Four Rivers School Hires Full Complement of AUNE Science Teachers

Andy Patari, MS ’12, joined the Peace Corps in 2008, after earning a bachelor’s degree in environmental studies from University of Pittsburgh, with a certificate in Latin American Studies. He taught school in Guatemala, an experience he calls heart-breaking and profound. “I enjoyed the job and saw very plainly the necessity for a good education, as I lived in a world where such a thing was nearly impossible to obtain.”

He decided to pursue graduate studies at Antioch University New England to become a science teacher. “There’s a lot that goes into making a good teacher, not the least of which is plenty of time spent teaching. The first thing that struck me about the Science Teacher Certification concentration once classes started was how fast Jimmy Karlan got us into middle and high school classrooms to observe seasoned educators and try out our own lesson designs. Nothing could have boosted my confidence or reaffirmed my decision to choose this program faster,” says Andy. “What my courses at Antioch did was to help fill out my knowledge base and orient my approach to teaching so that I may continue to develop as a professional throughout my career.”

Patari now works as a science teacher at Four Rivers Charter School in Greenfield, Massachusetts. In fact, all four of the school’s science teachers graduated from AUNE’s Department of Environmental Studies in the Science Teacher Certification concentration.

Patari joins Laura Stamas, who teaches ninth-grade environmental science and tenth-grade biology; Niki Gilbert, who teaches eighth-grade math and science and Amanda Locke, who teaches seventh-grade science and math. Those three graduated with master’s degrees in 2005.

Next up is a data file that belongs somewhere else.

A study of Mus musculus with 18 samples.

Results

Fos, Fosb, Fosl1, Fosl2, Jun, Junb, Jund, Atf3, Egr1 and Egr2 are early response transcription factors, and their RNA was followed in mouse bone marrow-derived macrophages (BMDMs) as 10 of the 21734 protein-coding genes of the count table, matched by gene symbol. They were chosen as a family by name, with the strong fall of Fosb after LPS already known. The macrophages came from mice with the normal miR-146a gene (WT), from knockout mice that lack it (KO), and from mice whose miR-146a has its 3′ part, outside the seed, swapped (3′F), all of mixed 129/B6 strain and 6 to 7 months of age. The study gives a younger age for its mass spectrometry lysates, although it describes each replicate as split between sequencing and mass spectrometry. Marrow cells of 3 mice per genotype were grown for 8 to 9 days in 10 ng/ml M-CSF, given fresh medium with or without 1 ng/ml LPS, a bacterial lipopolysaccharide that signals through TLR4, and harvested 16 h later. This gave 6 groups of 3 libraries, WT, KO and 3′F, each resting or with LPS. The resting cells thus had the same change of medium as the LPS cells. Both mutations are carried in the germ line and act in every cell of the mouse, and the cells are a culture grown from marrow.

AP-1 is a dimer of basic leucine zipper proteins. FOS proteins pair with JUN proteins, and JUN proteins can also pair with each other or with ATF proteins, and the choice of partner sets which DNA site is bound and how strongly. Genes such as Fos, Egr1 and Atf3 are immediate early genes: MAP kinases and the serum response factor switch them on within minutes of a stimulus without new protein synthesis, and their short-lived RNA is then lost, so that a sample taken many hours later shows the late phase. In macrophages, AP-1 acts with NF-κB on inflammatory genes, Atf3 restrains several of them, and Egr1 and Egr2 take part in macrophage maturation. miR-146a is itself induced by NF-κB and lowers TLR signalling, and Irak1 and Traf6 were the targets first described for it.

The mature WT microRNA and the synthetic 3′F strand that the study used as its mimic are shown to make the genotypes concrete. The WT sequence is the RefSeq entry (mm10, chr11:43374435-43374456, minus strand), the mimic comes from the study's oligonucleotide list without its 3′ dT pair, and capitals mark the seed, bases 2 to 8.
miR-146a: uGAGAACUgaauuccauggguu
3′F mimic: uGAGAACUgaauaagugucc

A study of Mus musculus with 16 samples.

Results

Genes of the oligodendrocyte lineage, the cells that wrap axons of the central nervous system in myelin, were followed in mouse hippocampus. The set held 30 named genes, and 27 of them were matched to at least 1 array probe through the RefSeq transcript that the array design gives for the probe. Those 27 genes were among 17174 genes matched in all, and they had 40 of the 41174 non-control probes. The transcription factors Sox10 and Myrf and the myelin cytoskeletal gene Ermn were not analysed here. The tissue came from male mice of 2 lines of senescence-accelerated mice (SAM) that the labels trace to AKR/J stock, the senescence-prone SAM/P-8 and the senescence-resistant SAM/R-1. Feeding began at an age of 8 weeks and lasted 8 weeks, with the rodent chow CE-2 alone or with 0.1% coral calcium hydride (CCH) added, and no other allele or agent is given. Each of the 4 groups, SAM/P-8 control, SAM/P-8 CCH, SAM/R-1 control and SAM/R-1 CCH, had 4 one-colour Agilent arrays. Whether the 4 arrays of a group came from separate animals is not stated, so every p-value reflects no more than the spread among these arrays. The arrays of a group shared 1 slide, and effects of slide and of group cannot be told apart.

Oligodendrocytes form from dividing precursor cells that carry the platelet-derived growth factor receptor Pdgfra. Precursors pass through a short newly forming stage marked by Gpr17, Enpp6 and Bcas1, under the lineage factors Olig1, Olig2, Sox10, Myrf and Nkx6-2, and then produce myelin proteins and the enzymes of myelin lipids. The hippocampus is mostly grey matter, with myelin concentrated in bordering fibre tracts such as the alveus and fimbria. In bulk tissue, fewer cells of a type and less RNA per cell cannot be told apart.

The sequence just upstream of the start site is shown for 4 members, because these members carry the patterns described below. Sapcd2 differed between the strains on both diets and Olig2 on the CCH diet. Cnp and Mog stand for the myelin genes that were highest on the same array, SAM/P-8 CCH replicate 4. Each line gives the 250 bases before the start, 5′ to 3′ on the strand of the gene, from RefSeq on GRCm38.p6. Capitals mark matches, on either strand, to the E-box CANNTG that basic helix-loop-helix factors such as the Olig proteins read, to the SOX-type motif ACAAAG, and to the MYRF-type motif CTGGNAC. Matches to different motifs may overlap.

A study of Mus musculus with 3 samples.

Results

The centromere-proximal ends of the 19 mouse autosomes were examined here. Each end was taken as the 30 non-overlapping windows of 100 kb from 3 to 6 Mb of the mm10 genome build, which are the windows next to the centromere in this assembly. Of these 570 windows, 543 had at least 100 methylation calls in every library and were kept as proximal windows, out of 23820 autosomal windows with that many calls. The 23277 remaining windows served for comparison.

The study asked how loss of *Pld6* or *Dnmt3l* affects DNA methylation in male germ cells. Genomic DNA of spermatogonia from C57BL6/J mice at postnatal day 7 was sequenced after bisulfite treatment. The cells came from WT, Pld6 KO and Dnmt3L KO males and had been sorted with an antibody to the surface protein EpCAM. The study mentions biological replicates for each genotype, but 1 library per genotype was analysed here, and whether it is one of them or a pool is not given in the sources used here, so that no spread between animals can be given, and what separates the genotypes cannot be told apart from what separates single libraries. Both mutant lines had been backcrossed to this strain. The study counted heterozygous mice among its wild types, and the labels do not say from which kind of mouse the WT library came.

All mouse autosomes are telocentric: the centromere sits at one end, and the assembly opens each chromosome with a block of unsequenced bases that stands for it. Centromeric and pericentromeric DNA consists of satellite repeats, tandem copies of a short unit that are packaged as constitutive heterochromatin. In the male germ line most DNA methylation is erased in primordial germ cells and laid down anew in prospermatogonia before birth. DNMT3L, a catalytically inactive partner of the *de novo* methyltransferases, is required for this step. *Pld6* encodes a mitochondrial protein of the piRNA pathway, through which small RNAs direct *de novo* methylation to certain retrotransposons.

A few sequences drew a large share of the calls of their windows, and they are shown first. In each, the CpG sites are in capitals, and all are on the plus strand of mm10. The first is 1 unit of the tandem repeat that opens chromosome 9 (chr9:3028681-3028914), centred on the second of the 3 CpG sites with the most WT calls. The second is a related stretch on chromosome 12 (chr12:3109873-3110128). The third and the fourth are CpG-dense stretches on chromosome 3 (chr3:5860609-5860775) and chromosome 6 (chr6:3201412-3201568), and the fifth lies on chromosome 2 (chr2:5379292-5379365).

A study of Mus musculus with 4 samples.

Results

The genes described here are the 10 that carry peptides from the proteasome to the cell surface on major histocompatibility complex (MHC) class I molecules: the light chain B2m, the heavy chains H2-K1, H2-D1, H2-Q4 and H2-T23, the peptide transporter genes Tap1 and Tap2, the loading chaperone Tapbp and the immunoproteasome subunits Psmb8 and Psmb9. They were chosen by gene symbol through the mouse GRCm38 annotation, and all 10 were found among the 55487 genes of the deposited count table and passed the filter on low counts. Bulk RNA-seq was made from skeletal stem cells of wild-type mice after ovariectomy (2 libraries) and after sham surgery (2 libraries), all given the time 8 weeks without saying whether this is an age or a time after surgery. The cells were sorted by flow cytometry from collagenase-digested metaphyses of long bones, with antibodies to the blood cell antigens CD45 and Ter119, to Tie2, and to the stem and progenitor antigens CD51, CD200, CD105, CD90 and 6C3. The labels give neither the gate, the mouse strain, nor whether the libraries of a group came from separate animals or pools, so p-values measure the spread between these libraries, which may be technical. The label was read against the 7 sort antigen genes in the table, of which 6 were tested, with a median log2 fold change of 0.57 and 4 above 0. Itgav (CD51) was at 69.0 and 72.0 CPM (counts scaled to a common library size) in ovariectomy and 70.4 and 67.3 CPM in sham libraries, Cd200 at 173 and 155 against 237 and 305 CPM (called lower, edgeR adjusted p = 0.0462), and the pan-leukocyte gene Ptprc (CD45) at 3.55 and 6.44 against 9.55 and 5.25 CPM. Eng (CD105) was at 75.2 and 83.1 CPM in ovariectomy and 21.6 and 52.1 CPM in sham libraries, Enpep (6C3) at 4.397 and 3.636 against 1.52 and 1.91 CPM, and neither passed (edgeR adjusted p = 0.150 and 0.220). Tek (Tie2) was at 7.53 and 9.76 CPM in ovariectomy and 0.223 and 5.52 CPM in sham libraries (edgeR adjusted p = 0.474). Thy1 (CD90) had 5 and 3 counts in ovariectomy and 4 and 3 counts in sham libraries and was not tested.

Four Rivers, a middle/high school serving Franklin County, has some of the state’s best test scores on MCAS, the standardized test.

“Antioch science teachers appear to be custom-trained for a school like ours,” said Peter Garbus, Four Rivers’ principal. “Because students learn through experience, the teacher’s job is to design and facilitate that experience, putting students in situations where they have to investigate, call on their knowledge, and think. Our Antioch teachers understand this. They also like to get dirty. If science has to be experienced, we want to get our students out into the field. Our science teachers take students to rivers, vernal pools, nuclear plants, wastewater treatment facilities, high-ropes challenge courses, local farms, and much more. If you want to see great science learning, come and see our teachers at Four River, educated, trained, and inspired by Antioch University New England.”